Let’s start with some numbers.
32: the number of months ago I graduated from grad school
79: the number of job applications I have saved in my “Job Search” email folder
20: the number of jobs out of those 79 that I would have taken after learning more about them
15: the number out of those 79 jobs that I thought were fairly interesting
3: the number out of those 79 that were perfect
unknown: the number of interviews I have gone on. But I do know that I have not told anyone about every single one. Even my parents, who probably know the most, hardly know about a fourth of them. Not because it’s a secret. Because, after so long, there just really is nothing to say.
And yesterday, I had a job offer on the table. For a job that I actually wanted, more than I thought possible when I applied. In an environment that I immediately felt comfortable in. With people who were welcoming to a complete stranger. I even saw the office where my desk would be. And, surprising even to me, I pictured myself in it. I could really work here, I thought.
But, I didn’t take it. Put simply: I couldn’t afford to take it.
So then, in keeping with the numbers trend….
1: the number of jobs, out of 79 applications, that I was offered
1: the number of jobs, out of 1 offer, that I have denied.
Oh, and one more number.
3: the number of times that I have cried over this entire job search endeavor. And two of those times were within this last week.
And it was not just a few tears. It was an UGLY cry. Times two.
My mom, poor woman, was on the phone with me when one of the two started. Thursday of last week, this was. And, as she later told me, after I had driven home and been enveloped by her and my dad in home cooking, hugs, and wine, that she felt awful, thinking that it was something she had said. She should have listened more, she stated. She could have been more supportive. But it wasn’t that at all. It wouldn’t have mattered what she said. Not because I wasn’t listening. Because, it was, for the first time, me realizing that I had to show someone how TIRED I was.
How tired I was of keeping optimism alive that I have always effortlessly been able to maintain in other aspects of my life.
How tired I was of answering that, no, I still hadn’t found a job. And, yes, I was still looking.
How tired I was of dodging questions from well-intentioned people offering ideas I have already tried. Tired of reassuring people, much less myself that, yes, I know the right job is still out there.
I was tired of wondering what else I could do when I have done everything that you are “supposed” to do. Tired from simultaneously working full-time and going to school full-time, only years later, to not see a reward. Tired of taking internships to build a network of people who are, in the end, not hiring, or at least not hiring me. Tired of the slap in the face that paying grad school loans every month is when you are in the exact same employment position you were before an additional $20,000 of debt.
And it was then that I got scared. Because when you are this tired, where else is there to go? And THAT was ugly cry #2. Which was Tuesday night.
Wednesday, I turned down the job. With every little bit of shredded confidence that I had left. All I had been asking for in the last three years was a chance. A chance to look past the inexperience that I have and for faith that, when I get into this job, I will be invested. I will ask questions, I will jump in where ever I can to help, and I will, in time, become indispensible. And I couldn’t pull the trigger on the one chance that was extended to me.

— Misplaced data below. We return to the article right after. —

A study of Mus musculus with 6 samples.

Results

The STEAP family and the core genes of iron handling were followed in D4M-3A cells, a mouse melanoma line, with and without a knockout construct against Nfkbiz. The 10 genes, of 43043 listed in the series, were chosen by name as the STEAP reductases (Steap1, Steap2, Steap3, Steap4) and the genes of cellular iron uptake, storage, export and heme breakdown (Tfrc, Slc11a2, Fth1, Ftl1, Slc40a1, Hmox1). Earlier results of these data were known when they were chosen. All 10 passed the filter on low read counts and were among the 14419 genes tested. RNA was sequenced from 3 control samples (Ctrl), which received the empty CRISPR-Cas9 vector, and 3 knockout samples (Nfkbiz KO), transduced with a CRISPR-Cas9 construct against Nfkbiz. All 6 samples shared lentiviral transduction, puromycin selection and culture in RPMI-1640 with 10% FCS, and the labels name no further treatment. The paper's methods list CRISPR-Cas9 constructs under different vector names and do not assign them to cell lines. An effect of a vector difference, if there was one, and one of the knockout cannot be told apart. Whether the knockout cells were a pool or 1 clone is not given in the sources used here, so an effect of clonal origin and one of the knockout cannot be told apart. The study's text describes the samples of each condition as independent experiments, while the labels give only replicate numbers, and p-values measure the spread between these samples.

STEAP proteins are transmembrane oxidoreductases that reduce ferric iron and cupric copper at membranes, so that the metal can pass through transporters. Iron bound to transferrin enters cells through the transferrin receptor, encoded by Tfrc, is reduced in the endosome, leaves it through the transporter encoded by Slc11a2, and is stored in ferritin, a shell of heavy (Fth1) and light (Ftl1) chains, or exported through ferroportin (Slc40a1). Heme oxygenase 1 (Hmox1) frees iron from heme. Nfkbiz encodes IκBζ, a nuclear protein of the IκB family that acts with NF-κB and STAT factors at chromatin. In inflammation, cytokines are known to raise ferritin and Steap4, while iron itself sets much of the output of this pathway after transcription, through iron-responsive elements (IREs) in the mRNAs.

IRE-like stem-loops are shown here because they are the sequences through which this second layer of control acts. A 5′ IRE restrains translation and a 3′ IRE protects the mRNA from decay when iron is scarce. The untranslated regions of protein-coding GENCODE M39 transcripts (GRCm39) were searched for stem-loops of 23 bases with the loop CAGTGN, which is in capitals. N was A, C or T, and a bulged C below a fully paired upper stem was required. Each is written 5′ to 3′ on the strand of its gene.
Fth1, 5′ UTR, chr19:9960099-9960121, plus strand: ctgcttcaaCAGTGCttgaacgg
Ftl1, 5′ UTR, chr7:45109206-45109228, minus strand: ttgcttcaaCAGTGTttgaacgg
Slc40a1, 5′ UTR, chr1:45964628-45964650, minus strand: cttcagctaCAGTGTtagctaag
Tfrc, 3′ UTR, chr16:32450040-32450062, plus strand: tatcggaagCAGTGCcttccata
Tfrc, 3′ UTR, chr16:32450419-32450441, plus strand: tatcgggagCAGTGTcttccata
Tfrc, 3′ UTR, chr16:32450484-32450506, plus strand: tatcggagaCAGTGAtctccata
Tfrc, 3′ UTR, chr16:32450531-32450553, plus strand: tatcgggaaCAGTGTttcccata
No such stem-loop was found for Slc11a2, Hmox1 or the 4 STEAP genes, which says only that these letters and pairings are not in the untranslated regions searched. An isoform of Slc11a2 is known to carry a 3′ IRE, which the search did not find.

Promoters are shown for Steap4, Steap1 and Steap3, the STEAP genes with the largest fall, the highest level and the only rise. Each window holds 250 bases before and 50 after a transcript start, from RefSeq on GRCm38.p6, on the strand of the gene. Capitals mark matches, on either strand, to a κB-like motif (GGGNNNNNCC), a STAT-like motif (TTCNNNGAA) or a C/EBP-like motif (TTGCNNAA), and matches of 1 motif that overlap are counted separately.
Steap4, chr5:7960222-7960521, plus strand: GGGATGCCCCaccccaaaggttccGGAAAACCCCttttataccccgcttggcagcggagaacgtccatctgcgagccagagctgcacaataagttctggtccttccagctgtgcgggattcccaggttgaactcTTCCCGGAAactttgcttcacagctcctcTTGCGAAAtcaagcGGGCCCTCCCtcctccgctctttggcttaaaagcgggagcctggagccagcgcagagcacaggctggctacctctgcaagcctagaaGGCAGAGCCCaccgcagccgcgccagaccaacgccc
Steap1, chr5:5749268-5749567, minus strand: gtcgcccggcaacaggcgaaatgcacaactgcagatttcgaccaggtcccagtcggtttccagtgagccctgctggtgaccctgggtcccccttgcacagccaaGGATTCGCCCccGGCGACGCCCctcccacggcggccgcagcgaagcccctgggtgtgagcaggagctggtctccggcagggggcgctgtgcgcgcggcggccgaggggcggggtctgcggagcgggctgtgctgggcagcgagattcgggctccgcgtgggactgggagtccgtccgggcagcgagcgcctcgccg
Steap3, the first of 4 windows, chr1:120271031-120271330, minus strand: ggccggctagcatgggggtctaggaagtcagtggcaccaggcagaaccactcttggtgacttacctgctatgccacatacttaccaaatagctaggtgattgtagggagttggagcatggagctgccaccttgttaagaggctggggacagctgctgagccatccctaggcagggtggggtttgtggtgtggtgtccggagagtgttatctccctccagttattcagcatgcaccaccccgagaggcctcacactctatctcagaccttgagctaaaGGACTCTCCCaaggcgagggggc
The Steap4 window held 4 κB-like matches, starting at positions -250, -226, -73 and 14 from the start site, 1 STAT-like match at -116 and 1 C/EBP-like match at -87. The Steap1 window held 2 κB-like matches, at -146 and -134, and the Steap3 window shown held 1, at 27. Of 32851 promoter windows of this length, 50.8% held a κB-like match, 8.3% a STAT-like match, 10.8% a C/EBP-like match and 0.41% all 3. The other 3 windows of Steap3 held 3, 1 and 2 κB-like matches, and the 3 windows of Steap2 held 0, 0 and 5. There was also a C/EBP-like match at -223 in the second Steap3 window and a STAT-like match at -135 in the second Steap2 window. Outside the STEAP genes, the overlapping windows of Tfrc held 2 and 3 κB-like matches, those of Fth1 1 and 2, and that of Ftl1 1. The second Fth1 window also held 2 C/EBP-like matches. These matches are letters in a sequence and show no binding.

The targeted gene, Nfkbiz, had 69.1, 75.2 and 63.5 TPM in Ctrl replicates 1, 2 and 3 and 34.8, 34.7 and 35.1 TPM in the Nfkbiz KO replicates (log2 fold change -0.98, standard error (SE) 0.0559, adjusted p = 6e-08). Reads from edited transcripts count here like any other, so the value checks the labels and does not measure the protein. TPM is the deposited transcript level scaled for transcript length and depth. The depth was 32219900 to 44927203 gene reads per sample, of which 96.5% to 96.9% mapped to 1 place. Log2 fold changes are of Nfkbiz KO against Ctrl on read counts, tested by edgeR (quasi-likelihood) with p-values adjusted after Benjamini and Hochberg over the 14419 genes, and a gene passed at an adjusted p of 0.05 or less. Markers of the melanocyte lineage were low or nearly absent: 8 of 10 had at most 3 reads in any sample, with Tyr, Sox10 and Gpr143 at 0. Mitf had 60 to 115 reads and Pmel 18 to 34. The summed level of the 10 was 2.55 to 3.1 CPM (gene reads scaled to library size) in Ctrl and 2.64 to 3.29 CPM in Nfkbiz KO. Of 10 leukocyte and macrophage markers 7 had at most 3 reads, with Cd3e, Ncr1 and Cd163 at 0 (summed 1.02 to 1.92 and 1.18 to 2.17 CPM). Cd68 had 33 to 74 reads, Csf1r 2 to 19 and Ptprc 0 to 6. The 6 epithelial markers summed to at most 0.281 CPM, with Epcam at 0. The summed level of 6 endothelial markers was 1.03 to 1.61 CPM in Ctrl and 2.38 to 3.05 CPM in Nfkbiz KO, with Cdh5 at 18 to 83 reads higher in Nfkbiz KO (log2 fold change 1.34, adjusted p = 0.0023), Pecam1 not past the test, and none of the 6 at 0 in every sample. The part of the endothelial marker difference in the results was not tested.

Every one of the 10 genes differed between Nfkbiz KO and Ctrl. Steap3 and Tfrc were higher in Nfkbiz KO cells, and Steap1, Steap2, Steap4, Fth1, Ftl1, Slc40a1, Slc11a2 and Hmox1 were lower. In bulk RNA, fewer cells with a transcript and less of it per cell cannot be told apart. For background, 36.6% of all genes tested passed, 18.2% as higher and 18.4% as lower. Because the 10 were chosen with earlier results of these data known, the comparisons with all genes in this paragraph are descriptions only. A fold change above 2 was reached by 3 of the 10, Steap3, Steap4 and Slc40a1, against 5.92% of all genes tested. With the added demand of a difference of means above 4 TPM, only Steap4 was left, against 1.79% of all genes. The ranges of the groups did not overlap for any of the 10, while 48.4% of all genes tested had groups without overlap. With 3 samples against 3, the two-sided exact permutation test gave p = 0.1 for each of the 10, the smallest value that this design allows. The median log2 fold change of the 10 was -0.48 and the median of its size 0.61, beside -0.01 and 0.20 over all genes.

And while I turned down this job, and while I am confident that taking this job is not where I am supposed to be right now, it also renewed a lot of things for me.
Maybe this entire lesson was about still believing. Because I had begun to struggle with that. And, having never been that person before, I didn’t know how to handle it. And I’ll be the first to admit that I didn’t handle it well.
Maybe it’s about knowing that the universe hasn’t forgotten about you, it’s just asking for a little more patience.
Maybe it’s about coming to point in your life when you have no choice but to choose money over a more ideal job. Which, mind you, you will take the time to berate yourself for, because you have always wanted to believe otherwise. You want to believe in a world where money doesn’t matter, one where you can have your ideal job and still manage a modest house and be able to leave your kitchen and go out once in a while for a meal cooked by someone other than yourself. And, as a naive teenager, you created a life plan in which this would never happen, you choosing money over job satisfaction. So maybe it’s watching a small part of your childhood innocence turn it’s back on you and walk away, slowly and deliberately, waiting for you to change your mind and run after her. Except that, all the while you know that you won’t. That, right now, you simply can’t. And so, in that sense, it is a peaceful death.
And maybe it’s realizing that your childhood innocence isn’t necessarily dead either. Maybe she is more malleable than you have ever given her credit for. Maybe she’s just shifting, and because you never thought it possible, you don’t quite know what you’re watching for. But you know she can’t be completely gone while you can still believe that the perfect job is out there for you, and that, some day, your time will come.
And knowing that it will be all that you have waited for.
And knowing that you will be glad for being exactly where you are.